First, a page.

The following teachings are excerpted and freely translated from the inaugural address of the Rebbe, Rabbi Menachem M. Schneerson, of righteous memory, delivered on the 10th of Shevat, 1951. Mentions of “the Rebbe” refer to the Rabbi Yosef Yitzchak Schneersohn, the sixth Rebbe of Chabad, who had passed away exactly one year before the inaugural address of his successor. Click here for a more complete transcript in Hebrew. Click here for original audio recordings of this address.

1. If You Want to Love G‑d, You Need to Love People

(Courtesy of JEM/The Living Archive)
(Courtesy of JEM/The Living Archive)

Love of G‑d, love of the Torah, and Love of the Jewish people are bound up with one another, so much so that they are all one. Only when you love your fellow as yourself are you able to love G‑d, who transcends the world and is the master of all things. For this reason the Rebbe relinquished his own physical and even spiritual interests out of love for the Jewish people. If you have love of G‑d but not love of the Torah and love of people, you are actually lacking in love of G‑d. On the other hand, if you love people you will ultimately come to love the Torah and love G‑d as well.

2. When a Rebbe Ascends, We Must All Ascend With Him

Histalkus (Art by Hendel Lieberman)
Histalkus (Art by Hendel Lieberman)

The Rebbe’s ascent beyond the physical might lead you to think that it has become ever more difficult to connect to him. Know that the contrary is true: Your connection must only increase more and more. Just as the Rebbe constantly ascends to new heights, so we must gather additional strength in order that we may accompany him.

3. Your Purpose is Far More Profound Than You Think

(Courtesy of JEM/The Living Archive)
(Courtesy of JEM/The Living Archive)

The Zohar teaches that there is depth within depth, there is the revealed and the hidden, and within the hidden is concealed yet deeper purpose. The Rebbe gifted people with various kinds of missions. Some of us were instructed to engage in a trade or in commerce, but the inner intention was to advance Torah study and mitzvah observance. Others of us were instructed to become spiritual educators, disseminators of Judaism, or simply to teach children the Aleph-Bet. We must all realize that these are all but external garments for a more profound vision. The deeper vision is to spread the wellsprings of Chassidism, and thereby to attain ultimate redemption.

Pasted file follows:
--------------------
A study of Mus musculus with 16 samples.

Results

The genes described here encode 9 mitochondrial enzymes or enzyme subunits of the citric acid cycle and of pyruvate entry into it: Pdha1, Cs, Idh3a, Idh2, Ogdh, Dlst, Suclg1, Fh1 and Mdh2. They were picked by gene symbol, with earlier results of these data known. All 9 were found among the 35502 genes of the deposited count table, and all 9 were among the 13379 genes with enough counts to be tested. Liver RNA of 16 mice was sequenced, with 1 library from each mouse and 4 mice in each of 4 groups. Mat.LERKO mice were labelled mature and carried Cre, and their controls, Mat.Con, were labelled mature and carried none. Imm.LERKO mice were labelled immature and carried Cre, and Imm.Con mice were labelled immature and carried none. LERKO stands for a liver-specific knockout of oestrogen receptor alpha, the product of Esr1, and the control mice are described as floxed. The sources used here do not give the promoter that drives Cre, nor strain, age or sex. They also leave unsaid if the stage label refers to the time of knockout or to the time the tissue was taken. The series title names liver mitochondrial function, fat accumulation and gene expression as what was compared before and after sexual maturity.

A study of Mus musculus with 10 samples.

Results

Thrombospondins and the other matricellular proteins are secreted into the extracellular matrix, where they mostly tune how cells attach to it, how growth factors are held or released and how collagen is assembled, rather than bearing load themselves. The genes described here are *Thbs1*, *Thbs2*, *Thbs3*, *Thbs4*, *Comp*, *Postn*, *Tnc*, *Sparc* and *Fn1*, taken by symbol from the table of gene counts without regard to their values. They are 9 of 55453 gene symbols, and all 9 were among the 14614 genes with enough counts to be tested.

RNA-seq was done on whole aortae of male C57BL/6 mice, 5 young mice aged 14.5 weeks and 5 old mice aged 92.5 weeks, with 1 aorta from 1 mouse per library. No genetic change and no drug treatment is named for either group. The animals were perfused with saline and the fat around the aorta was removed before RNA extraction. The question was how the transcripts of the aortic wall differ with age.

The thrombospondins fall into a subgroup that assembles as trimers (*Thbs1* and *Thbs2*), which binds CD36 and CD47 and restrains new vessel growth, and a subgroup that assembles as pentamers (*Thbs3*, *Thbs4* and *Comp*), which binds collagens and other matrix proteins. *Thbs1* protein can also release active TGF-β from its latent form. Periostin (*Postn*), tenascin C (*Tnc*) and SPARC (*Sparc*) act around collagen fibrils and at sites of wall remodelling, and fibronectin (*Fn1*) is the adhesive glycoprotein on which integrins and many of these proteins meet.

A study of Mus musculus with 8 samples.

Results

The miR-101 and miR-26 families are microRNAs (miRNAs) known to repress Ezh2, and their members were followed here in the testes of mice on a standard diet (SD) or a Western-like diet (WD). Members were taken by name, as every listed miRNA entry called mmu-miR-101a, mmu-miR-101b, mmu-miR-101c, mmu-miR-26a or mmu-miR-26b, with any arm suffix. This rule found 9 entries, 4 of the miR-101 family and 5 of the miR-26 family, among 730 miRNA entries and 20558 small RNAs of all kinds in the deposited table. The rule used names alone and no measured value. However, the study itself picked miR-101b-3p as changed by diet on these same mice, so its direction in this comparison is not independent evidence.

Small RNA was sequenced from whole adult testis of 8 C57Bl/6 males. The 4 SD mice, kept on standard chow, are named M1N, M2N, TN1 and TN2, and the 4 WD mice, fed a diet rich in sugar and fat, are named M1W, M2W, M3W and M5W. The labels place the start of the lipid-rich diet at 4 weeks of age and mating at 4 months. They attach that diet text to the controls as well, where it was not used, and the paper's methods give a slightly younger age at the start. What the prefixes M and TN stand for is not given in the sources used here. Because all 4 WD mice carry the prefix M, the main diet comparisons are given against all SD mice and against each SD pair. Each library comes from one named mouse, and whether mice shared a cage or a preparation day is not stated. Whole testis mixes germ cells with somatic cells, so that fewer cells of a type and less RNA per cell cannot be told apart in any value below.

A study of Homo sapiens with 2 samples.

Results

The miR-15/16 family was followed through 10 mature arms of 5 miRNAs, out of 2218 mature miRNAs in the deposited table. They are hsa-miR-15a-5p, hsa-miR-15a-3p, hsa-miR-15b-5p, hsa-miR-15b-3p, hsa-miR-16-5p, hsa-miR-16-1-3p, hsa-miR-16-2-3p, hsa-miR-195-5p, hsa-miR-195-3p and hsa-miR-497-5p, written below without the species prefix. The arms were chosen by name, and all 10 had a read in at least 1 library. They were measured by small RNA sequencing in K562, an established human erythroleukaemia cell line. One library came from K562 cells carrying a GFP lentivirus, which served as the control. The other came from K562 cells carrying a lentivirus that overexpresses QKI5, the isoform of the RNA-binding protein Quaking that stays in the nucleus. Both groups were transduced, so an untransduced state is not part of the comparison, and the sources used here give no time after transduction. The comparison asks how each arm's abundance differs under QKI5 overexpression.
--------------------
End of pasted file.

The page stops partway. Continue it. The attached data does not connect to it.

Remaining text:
4. The People and the Leader Are One

When a maamar is spoken, a new light is entering the world. (Courtesy of Jem/The Living Archive)
When a maamar is spoken, a new light is entering the world. (Courtesy of Jem/The Living Archive)

All who had and have a connection with the Rebbe will continue to have a connection to the Rebbe in the future. You must know that all the instructions received from the Rebbe have an inner intent, and that inner intent is to reveal the inner core of the Torah, that the wellsprings shall be spread to the outside … and then “Moses and the Jewish people shall sing.” The “and” in this verse (Exodus, 15:1) signifies ultimate connection. The verse uses the singular form of the verb “to sing” (yashir) rather than the plural (yashiru), indicating that the people and their leader become a single entity.

5. Feed Bodies and Feed Souls

(Courtesy of JEM/The Living Archive)
(Courtesy of JEM/The Living Archive)

Each one of us is required to recognize that our purpose is to emulate our forefather Abraham. When arriving in a place where the people didn’t know of G‑dliness, didn’t know of Judaism, Abraham put himself aside. His priority was to see to it that even such people would ultimately go into the streets and shout “G‑d world!” (el olam, Genesis, 21:33) meaning that G‑dliness and the world are one. Your love of the Jewish people should not only be actualized physically, in giving food to the hungry and water to the thirsty, but also in bringing Jews to love of Torah and to love of G‑d.

6. Your Earthly Work Transcends the Loftiest Heavens

(Courtesy of JEM/The Living Archive)
(Courtesy of JEM/The Living Archive)

The ultimate purpose of creation does not lie in any supernal realm, for all those realms entail a descent for G‑d. They are but revelations. It is specifically in this world that G‑d’s transcendent essence is most tangibly encountered. Through the earthly labor of subduing all that is unholy and transforming it into holiness, we uncover G‑d’s most intimate and transcendent self within the earthly garden.

7. You Are In the Driver’s Seat

(Courtesy of JEM/The Living Archive)
(Courtesy of JEM/The Living Archive)

In Chabad it was always demanded that each individual must take responsibility for their own spiritual work, and that they must not rely on the Rebbes. In Chabad we each have to work independently, with every limb and sinew. As the Talmud says: All is in the hands of heaven except for fear of heaven (Brachot, 33b). I am not refusing to help you, heaven forfend. I will help as much as I am able. But unless you work independently, what will be gained if I distribute new teachings, if we sing inspiring melodies, and say l’chaim?! Each person must independently transform their worldly excitement into holy excitement.